Showing 7 posts in Family and Medical Leave Act.
Your employee takes twelve weeks of FMLA, but cannot return when her leave expires. Her doctor certifies that she needs an additional 30 days of recuperation, but she claims she can do light-duty work during that 30 day period. What are you required to do?
Did you know that a pregnant employee who has complications may be equivalent to an employee with a disability? Recent cases hold that pregnant employees with complications may be entitled to reasonable accommodations. The complications do not need to be severe. They may include such things as temporary Post-traumatic Stress Disorder (PTSD), incompetent cervix, or high blood pressure. A physician’s restriction may be sufficient to put you on notice.
Atlanta | Thursday, January 14, 2016
The ADA provides for pregnancy-related leave in limited circumstances. Specifically, a pregnant employee experiencing complications that limit a major life activity may be considered disabled under the ADA and entitled to its protections, including reasonable accommodations.
Many alerts and articles have been published about updating Family and Medical Leave Act (FMLA) forms due to the Department of Labor's (DOL) issuance of new forms in late May. If your FMLA leave forms already contain the Equal Employment Opportunity Commission's (EEOC) endorsed Genetic Information Nondiscrimination Act (GINA) language, however, you probably don’t need to engage in this exercise.
As most employers know, while the DOL’s FMLA forms are not mandatory, they are practical as they follow the regulations concerning what employers may ask with respect to FMLA leave, and they may be used as a defense with respect to compliance. The new forms are not that much different than the old ones, except that they just finally contain references to the GINA. The added language, however, is not ideal to preserve an employer’s safe harbor rights under GINA.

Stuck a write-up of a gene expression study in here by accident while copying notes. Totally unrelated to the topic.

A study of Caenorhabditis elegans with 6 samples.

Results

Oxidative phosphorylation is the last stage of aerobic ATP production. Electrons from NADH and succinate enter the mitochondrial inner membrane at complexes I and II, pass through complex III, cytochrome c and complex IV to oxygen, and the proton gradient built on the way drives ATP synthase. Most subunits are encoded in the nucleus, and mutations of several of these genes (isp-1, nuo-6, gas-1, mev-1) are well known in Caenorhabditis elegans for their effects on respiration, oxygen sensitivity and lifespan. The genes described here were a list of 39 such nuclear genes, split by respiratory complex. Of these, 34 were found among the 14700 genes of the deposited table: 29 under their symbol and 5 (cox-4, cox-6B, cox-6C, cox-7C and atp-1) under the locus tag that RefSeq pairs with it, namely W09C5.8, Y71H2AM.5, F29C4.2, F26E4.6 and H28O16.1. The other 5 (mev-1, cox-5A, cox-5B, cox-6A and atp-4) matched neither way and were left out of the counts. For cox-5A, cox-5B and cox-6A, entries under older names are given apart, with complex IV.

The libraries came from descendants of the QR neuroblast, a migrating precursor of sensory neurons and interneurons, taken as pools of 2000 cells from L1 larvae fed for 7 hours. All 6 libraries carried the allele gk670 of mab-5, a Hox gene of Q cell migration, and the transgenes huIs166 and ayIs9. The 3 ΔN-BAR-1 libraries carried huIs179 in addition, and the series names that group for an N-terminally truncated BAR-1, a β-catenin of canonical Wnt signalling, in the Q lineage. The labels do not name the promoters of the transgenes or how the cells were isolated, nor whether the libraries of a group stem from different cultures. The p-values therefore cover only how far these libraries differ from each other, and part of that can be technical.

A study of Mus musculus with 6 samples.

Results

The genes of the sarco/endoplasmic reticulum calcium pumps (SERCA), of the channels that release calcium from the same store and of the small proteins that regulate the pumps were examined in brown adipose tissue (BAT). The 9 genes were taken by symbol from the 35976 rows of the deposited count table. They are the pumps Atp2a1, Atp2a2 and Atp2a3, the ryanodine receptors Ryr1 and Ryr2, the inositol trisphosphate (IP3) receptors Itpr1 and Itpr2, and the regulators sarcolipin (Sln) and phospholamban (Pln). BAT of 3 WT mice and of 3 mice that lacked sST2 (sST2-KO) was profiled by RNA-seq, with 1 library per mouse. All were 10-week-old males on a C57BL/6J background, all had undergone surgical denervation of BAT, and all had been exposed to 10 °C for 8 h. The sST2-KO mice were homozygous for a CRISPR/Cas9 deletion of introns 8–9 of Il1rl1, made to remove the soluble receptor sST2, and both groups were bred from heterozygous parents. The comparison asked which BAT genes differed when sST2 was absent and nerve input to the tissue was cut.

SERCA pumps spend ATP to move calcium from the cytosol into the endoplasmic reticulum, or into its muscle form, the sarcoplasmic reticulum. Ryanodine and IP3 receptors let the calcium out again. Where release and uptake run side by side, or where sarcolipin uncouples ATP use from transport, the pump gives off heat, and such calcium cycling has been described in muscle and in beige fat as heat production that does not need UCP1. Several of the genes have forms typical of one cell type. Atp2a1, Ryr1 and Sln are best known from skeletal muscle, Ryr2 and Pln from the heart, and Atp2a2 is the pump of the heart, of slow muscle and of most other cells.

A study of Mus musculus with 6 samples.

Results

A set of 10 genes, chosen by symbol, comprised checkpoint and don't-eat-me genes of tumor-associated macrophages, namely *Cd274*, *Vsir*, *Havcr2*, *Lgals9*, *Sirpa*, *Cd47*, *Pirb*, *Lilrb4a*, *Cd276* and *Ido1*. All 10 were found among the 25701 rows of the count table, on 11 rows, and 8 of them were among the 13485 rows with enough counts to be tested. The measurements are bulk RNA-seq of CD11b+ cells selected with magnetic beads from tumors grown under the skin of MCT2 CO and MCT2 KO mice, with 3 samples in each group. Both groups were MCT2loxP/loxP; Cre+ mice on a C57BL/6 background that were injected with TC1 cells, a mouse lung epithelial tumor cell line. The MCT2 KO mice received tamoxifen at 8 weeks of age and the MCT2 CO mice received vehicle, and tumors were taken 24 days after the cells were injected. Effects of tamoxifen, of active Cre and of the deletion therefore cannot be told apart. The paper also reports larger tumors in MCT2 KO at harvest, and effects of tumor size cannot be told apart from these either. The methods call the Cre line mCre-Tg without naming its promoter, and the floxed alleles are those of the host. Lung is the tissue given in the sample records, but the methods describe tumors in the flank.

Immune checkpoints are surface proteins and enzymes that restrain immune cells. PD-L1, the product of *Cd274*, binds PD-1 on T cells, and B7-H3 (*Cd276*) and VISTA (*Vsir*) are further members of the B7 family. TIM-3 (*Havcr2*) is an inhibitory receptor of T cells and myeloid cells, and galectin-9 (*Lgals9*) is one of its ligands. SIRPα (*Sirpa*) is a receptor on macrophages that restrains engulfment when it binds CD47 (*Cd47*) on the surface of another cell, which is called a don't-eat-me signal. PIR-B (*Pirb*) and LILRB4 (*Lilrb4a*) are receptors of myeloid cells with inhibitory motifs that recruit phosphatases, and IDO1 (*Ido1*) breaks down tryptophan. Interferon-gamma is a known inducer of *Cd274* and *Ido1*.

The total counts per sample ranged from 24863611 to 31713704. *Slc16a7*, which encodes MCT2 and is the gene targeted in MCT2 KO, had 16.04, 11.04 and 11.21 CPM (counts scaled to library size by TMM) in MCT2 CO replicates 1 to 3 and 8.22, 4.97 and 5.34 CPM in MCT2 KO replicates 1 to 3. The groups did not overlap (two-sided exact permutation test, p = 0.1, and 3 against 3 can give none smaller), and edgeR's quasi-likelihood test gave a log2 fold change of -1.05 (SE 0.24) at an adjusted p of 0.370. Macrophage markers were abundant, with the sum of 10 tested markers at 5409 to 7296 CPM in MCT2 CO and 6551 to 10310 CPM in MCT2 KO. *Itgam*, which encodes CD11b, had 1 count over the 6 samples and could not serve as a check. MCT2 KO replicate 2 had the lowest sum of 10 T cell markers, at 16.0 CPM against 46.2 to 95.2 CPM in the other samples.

As of March 27, 2015, the definition of “spouse” under the Family and Medical Leave Act (FMLA) will include an FMLA-eligible employee in a legal same-sex or common law marriage--even though the marriage may not be recognized in the state where the employee lives or works. Yes, you read that right…even though the marriage may NOT be recognized in the state where the employee lives or works! The new rule allows a same-sex spouse to be considered a “spouse” for FMLA purposes if the marriage was valid where and when it was entered into, i.e., “celebrated.
The Pregnancy Discrimination Act (PDA) requires that a covered employer treat women affected by pregnancy, childbirth, or related medical conditions in the same manner as other applicants or employees who are similar in their ability or inability to work. The PDA covers all aspects of employment, including hiring, promotions, discipline, and fringe benefits (such as leave and health insurance benefits).